Why are you seeking to break out service components?
Unless the application is having trouble fitting in memory, you really don't want to do that. Seriously. Communication via RPCs (particularly if you are using XML for serialization) adds a ton of overhead over simple method calls, which costs a lot of performance. Furthermore it adds a bunch of complexity that makes debugging problems much more difficult. I've seen the internals of websites that did this without good reason, and it is amazing how many scalability problems were created with no gain. (I've also seen the internals of a well-known website that did this for very good reason with very good results, and I'm aware of how much constant discipline they need to keep it from devolving into a complete disaster. Very few organizations can manage that.)
Of course you should make sure that your code is modular with well-defined APIs, such that it would be simple to swap out a local or remote implementation of the API. That's just good software design. But don't actually do it until you need to because your application is having trouble fitting in memory..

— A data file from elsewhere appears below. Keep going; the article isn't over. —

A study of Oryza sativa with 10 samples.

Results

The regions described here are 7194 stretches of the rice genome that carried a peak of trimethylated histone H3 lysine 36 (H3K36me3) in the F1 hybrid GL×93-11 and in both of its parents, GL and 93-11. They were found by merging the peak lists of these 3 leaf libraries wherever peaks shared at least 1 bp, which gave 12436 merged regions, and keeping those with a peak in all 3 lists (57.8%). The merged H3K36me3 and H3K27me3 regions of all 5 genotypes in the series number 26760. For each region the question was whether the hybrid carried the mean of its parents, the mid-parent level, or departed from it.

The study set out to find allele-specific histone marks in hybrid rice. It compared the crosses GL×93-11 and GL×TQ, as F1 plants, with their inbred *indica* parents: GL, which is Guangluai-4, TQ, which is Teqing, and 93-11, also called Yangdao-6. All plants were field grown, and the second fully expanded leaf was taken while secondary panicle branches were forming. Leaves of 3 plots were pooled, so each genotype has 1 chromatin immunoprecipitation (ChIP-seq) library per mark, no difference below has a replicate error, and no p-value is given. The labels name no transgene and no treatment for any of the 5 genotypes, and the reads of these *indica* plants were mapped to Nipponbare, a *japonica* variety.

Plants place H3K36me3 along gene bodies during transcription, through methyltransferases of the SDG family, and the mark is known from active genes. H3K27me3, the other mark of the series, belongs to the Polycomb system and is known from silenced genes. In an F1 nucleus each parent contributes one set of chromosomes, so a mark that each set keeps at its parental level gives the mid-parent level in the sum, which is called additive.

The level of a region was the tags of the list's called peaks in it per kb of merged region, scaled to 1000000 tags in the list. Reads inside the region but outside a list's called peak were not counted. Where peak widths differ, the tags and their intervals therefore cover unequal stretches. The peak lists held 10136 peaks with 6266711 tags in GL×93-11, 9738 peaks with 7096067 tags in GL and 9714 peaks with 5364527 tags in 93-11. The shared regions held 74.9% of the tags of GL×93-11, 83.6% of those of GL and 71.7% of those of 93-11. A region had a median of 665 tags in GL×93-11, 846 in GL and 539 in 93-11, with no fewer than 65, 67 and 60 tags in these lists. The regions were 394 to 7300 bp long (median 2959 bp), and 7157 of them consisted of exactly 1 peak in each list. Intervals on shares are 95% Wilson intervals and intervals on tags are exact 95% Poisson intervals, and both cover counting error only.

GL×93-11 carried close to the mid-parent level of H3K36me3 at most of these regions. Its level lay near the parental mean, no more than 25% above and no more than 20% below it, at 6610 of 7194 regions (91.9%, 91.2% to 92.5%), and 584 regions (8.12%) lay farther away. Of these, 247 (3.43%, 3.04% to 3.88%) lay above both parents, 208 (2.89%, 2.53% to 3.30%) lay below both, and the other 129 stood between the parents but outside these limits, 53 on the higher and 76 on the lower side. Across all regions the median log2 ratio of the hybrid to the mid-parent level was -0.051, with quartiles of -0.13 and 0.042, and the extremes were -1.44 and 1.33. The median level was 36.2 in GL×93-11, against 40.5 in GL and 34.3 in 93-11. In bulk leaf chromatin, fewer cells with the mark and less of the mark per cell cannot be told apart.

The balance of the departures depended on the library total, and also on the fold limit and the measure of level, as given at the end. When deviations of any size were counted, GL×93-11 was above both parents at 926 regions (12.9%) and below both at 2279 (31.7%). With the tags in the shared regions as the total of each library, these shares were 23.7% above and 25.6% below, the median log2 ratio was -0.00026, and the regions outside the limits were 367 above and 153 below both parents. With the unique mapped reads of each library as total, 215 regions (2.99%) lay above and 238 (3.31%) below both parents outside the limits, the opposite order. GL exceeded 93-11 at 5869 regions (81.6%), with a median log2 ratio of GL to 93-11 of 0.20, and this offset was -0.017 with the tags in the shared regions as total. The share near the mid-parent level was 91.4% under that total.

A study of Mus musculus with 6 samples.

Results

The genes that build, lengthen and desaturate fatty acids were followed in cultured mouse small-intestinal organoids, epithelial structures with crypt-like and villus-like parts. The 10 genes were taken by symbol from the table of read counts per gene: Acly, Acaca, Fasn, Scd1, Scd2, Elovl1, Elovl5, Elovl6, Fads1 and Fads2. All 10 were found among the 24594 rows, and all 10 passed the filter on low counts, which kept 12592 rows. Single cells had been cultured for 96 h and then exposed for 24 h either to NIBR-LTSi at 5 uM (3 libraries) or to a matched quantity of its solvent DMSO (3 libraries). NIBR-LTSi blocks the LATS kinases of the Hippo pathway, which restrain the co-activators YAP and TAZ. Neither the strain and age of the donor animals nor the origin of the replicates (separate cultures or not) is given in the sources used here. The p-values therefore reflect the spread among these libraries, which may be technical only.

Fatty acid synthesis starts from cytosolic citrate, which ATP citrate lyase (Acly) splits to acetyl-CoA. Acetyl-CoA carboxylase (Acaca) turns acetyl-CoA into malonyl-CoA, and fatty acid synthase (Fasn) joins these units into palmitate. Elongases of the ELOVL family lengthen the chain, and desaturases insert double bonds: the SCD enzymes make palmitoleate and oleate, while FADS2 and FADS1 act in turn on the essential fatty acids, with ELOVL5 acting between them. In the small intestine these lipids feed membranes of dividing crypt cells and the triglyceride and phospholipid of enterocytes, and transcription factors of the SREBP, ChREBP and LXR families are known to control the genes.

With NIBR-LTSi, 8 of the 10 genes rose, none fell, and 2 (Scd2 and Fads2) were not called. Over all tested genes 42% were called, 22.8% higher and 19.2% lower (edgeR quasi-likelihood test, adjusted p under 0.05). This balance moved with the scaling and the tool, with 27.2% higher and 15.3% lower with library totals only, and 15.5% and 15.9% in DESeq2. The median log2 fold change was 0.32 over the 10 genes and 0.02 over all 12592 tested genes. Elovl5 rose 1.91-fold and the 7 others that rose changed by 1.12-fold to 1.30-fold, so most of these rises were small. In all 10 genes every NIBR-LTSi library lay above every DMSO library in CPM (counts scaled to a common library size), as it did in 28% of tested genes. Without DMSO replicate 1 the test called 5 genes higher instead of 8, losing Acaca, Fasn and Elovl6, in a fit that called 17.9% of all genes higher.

But what you really need to do instead is make sure that you are horizontally scalable. Meaning that you can run multiple web servers at once. And multiple app servers at once. But it is OK for each to be vertically integrated.
As for the database, there are several common strategies for scaling that when you hit the limits. Use any combination of these that make sense for your application:
- Add caching layers (eg memcached) to avoid having to go to the database all of the time.
- Add read-only slaves of your database that you can direct some read-only queries to.
- Get a bigger database. (You would be amazed at how much you can scale the database. Last I heard, all of PayPal runs off of one huge Oracle database.)
- Shard your data. Sharding data means that you can have multiple master databases, because each only has a chunk of your data.
- Investigate NoSQL solutions that relax database consistency guarantees in return for easy horizontal scalability. See http://kkovacs.eu/cassandra-vs-mongodb-vs-couchdb-vs-redis for a quick comparison between several of those options.